British sugar dispute still impacts RGFC sales

Bakery ingredients supplier The Real Good Food Company (RGFC) reveals sales are still being impacted by ‘anti-competitive’ behaviour by British Sugar, part of Associated British Foods (ABF).

Napier Brown’s parent company, RGFC, said that the ongoing dispute was overshadowing its final results, released today.

The company saw revenue rise from £265.7M to £272.5M for the period ending March 31, however pre-tax profit tumbled from £10.4M to £3.3M.

Pieter Totté, RGFC’s chairman, said this shadowed other significant retail and wholesale contracts, which were driving Whitworths brand growth. The results also pointed out Renshaw and Haydens sales were up 4.7% and 7.6% respectively.

'Hopeful' 

Totté said: "It would be easy to focus on the impact on our results caused by what we believe to be anti-competitive behaviour by British Sugar, but we have previously disclosed the background to this matter in our 21stFebruary Trading Statement.

"The reduction in Group EBITDA to £3.3 million hides significant progress in a number of operating divisions. In particular, the Renshaw result was very encouraging, while at Haydens it is clear that the new business model is beginning to deliver.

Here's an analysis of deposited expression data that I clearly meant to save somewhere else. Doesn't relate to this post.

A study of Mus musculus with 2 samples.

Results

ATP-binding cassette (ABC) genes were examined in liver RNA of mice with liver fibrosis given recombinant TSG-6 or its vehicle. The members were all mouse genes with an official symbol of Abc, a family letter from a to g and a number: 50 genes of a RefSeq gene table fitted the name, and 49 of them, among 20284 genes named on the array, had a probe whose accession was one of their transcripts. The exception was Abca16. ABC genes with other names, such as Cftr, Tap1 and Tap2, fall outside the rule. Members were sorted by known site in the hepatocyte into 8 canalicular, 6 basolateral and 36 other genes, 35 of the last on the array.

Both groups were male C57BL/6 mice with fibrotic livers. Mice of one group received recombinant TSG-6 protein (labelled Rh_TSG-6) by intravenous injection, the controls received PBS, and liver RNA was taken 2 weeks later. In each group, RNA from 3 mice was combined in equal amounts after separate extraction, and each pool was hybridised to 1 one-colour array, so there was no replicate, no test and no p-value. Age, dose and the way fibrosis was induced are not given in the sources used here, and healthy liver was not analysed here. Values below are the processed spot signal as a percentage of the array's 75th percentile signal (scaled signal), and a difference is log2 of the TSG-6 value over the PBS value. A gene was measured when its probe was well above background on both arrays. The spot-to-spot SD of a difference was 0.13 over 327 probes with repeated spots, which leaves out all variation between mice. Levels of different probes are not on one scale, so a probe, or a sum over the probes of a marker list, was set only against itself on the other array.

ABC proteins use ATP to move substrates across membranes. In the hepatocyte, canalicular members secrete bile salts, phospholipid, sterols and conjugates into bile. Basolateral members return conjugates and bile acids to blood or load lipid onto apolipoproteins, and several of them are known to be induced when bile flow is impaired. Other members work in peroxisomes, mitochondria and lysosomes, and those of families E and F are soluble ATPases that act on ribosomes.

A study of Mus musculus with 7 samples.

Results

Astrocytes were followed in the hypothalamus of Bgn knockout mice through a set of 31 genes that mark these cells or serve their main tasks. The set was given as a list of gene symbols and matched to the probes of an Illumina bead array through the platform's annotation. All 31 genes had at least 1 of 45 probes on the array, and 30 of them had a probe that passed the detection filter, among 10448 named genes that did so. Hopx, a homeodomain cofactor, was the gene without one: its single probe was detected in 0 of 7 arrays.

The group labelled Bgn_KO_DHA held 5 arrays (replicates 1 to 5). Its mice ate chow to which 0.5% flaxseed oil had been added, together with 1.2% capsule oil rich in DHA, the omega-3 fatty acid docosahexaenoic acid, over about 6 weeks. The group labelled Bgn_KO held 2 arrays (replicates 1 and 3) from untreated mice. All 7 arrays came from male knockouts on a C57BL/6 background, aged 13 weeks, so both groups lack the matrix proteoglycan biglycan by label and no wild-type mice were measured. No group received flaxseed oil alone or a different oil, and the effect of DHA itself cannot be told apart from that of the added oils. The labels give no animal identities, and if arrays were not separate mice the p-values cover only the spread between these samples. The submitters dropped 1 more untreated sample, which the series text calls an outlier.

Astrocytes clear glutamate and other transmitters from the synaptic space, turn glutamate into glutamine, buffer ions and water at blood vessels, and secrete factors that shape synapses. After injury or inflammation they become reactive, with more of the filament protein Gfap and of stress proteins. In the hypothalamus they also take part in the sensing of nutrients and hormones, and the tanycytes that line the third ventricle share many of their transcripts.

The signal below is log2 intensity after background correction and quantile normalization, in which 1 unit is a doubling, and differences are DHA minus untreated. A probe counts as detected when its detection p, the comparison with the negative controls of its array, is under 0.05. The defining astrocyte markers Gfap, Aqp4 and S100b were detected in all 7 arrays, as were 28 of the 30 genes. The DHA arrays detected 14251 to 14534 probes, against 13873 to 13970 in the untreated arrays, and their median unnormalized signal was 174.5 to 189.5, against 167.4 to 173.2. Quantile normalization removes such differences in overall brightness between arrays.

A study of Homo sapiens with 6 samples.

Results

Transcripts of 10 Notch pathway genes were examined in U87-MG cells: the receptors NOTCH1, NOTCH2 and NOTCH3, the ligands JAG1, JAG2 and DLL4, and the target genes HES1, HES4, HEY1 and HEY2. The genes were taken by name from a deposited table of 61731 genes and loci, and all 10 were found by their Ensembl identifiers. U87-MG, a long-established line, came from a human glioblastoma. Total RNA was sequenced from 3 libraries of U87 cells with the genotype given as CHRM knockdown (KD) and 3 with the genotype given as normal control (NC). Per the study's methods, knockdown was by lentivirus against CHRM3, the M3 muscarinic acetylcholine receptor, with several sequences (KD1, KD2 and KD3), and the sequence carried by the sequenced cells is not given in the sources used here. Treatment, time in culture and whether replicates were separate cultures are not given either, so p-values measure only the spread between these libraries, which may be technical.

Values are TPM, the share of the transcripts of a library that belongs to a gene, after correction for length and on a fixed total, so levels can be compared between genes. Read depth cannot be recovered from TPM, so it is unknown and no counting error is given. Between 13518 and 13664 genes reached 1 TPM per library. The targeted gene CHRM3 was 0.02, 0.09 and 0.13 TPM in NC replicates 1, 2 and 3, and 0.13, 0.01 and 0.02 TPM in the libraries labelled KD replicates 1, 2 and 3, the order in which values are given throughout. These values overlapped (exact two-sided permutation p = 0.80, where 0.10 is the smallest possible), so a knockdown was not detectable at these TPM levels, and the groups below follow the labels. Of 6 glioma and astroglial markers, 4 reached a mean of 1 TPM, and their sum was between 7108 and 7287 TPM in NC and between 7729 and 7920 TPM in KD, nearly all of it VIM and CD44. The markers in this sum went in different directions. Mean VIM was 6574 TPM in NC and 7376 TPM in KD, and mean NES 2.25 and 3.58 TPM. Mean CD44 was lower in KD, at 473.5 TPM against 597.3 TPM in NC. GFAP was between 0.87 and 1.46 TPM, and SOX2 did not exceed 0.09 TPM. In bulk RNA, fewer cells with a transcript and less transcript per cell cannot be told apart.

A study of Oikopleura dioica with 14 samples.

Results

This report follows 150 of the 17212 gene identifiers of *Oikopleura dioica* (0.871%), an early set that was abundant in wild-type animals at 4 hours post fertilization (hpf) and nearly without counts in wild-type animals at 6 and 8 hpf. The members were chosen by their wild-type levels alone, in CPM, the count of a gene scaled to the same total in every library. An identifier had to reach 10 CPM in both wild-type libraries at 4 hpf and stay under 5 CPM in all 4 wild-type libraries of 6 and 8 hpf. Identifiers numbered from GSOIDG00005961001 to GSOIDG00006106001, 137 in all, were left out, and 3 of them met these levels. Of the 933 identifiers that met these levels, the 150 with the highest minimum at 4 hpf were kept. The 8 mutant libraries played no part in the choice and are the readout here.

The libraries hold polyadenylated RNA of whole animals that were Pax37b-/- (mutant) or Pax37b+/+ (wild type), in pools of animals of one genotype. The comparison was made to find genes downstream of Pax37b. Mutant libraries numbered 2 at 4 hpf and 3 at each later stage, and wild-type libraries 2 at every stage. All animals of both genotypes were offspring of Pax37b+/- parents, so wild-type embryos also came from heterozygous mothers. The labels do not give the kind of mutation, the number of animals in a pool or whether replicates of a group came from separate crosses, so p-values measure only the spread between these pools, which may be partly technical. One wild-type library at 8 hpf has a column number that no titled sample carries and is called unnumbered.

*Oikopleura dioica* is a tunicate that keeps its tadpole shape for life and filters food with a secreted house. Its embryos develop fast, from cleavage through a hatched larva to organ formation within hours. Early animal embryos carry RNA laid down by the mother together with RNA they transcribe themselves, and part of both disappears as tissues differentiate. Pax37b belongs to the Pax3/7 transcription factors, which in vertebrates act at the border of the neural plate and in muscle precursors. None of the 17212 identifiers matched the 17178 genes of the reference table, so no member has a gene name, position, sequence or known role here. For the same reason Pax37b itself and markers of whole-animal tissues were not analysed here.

"We remain in close dialogue with the Competition and Markets Authority ("CMA") and are hopeful that the regulator will take the necessary steps to ensure that competition law is enforced. However, as we indicated in our recent updates, the current sugar contract year does not end until 30th September, coinciding with our half year so despite continued strong trading at Renshaw and Haydens, our first half performance will still be materially affected. Beyond that, negotiations for the new sugar contract year are progressing and we are working on a number of strategic sourcing initiatives on the back of our investment in the Stallingborough Sugar Hub which will bring long term benefits."

In its third quarter trading update in February, the company said that Associated British Foods (ABF) could face a significant fine if its British Sugar subsidiary is "once again found guilty of abusing its dominant position in the supply of sugar to Napier Brown".

Challenges

It warned that instability in the sugar market was giving it short term challenges, with the lowering of prices in the sugar market affecting profitability at Napier Brown.

As the company looks forward, it says it will act on the conclusion of the CMA in regards to its complaint, but is working on a necessary contingency plan. It says it is developing managing structures and transforming operating companies into stand-alone businesses.